With a 97 per cent approval rating, the rowing and sprint canoe lake has been nicknamed “the Golden venue.” "The Stadium Inspector", Alan Lee, also ranked Eton Dorney the best venue of the Games so far for British newspaper The Times, beating Wimbledon by two points to score 39 out of 50. 

Lee, was initially irritated that Henley-on-Thames, the Olympic Venue in the 1948 Games, was not chosen to host the regatta, "I set off for this other place, a lake somewhere off the far loop of Windsor racecourse… I was up for a scrap, ready and willing to express my dislike of such an upstart venue," expressed Lee, "I came away cowed and converted." 

What is it that makes the lake one of the most favourite venues of the Games? World Rowing went to speak to the spectators to find out.

If you are one of the people that have been to Eton Dorney before the Olympics then you probably agree with Peter Moorby who says: “Seeing how the venue has been transformed is pretty special. I have been here before and I can’t believe it’s the same place. The grandstands have been packed, even from day one, but despite the huge numbers, everything has run smoothly and the transportation has been exceptionally well organised.”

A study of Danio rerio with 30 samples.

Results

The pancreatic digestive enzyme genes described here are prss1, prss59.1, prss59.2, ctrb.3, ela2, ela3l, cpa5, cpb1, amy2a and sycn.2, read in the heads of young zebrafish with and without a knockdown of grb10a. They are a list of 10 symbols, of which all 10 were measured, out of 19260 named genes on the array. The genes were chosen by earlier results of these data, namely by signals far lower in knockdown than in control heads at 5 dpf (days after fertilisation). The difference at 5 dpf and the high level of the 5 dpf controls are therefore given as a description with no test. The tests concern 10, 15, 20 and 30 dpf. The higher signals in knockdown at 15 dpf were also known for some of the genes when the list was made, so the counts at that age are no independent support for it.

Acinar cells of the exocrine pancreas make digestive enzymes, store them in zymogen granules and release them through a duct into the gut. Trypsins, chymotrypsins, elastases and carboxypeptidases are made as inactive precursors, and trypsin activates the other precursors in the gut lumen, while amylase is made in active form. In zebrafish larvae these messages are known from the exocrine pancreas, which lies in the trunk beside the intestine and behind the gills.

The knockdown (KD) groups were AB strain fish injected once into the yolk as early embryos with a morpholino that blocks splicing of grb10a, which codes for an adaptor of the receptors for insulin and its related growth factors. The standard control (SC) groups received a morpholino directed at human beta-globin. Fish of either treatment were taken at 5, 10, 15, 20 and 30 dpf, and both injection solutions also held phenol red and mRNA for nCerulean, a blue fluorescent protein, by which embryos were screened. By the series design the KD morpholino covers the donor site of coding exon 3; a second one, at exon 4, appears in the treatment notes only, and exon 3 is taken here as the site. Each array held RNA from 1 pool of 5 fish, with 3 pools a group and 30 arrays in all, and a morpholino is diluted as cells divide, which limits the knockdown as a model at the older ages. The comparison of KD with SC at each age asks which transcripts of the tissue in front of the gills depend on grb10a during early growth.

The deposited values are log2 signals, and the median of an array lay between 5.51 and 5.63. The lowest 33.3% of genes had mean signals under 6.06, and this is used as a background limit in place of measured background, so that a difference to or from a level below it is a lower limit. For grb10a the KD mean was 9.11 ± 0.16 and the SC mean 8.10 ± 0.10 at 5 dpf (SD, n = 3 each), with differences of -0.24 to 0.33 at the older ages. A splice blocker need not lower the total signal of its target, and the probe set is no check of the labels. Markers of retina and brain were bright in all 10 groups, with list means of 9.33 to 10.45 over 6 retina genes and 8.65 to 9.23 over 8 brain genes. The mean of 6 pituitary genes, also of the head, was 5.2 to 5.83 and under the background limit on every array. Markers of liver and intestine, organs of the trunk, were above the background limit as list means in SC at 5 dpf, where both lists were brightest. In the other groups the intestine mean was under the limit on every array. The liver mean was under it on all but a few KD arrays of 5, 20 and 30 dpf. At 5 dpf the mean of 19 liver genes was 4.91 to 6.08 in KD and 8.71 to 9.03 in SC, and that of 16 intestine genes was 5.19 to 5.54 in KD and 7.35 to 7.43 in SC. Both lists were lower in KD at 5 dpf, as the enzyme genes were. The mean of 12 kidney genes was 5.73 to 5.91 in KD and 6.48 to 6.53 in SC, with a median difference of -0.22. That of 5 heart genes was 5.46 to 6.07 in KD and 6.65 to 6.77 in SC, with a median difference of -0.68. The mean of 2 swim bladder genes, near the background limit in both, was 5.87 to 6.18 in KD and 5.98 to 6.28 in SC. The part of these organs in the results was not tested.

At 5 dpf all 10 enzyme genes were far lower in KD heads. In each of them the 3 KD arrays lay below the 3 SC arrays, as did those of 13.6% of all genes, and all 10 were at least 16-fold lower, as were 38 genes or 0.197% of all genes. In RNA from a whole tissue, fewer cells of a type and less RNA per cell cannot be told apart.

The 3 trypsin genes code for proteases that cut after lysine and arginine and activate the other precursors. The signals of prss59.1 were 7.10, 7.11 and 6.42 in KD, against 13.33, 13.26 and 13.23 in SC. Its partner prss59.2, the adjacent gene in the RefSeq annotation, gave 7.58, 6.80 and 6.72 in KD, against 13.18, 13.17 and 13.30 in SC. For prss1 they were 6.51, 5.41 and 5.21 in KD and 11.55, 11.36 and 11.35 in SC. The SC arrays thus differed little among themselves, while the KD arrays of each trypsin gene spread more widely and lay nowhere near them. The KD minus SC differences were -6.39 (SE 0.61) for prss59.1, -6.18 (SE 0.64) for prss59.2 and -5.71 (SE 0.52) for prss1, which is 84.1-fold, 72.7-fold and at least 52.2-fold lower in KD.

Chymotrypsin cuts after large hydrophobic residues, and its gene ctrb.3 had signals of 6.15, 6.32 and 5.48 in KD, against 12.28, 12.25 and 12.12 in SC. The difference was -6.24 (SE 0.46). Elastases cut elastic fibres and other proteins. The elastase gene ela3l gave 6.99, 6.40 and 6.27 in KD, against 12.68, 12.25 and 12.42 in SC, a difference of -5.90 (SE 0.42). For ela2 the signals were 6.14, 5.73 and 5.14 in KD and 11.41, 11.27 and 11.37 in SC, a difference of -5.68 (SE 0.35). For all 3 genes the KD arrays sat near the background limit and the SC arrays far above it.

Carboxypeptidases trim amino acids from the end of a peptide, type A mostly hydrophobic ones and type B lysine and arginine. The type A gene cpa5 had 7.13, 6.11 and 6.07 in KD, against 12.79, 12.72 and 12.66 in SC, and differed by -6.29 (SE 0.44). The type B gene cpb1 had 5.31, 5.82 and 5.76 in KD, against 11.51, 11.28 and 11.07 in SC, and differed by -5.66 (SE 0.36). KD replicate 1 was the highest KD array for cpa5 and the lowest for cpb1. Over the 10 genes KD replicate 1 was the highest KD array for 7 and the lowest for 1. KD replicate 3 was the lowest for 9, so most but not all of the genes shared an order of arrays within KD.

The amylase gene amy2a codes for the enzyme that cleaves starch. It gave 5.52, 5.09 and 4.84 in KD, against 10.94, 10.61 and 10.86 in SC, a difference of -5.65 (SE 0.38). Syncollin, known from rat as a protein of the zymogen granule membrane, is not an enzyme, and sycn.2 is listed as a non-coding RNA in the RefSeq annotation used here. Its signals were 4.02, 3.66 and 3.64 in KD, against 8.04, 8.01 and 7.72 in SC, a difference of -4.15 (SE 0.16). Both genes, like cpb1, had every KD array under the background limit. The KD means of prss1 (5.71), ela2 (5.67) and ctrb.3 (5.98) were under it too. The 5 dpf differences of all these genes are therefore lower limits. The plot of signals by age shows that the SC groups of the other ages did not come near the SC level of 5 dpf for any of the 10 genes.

According to spectator Sarah Langslow, who took part in the Opening Ceremony as a suffragette, it is the spectacular crowd that creates such the amazing atmosphere. The “wall of noise” made by spectators can even be heard by athletes waiting at the start line. Rowers have commented on being surprised by the level of cheering when they row through the final 500m. New Zealand single sculler, Mahe Drysdale commented that he could not believe the level of cheering even for the heats.

“Right from the first race everyone has got their flags out and as a spectator you felt part of a bigger thing,” explains Moorby.

The team of volunteers have also impressed at Eton Dorney. “The volunteers have been most helpful and prepared for accessibility issues and related crowd control,” says spectator Nathalie Walker.

The Olympic rowing venue has helped to create a positive and powerful memory of the London 2012 Olympic Games. As Walker sums it all up: “This whole thing makes me incredibly proud to be British and proud to be part of something so massive.”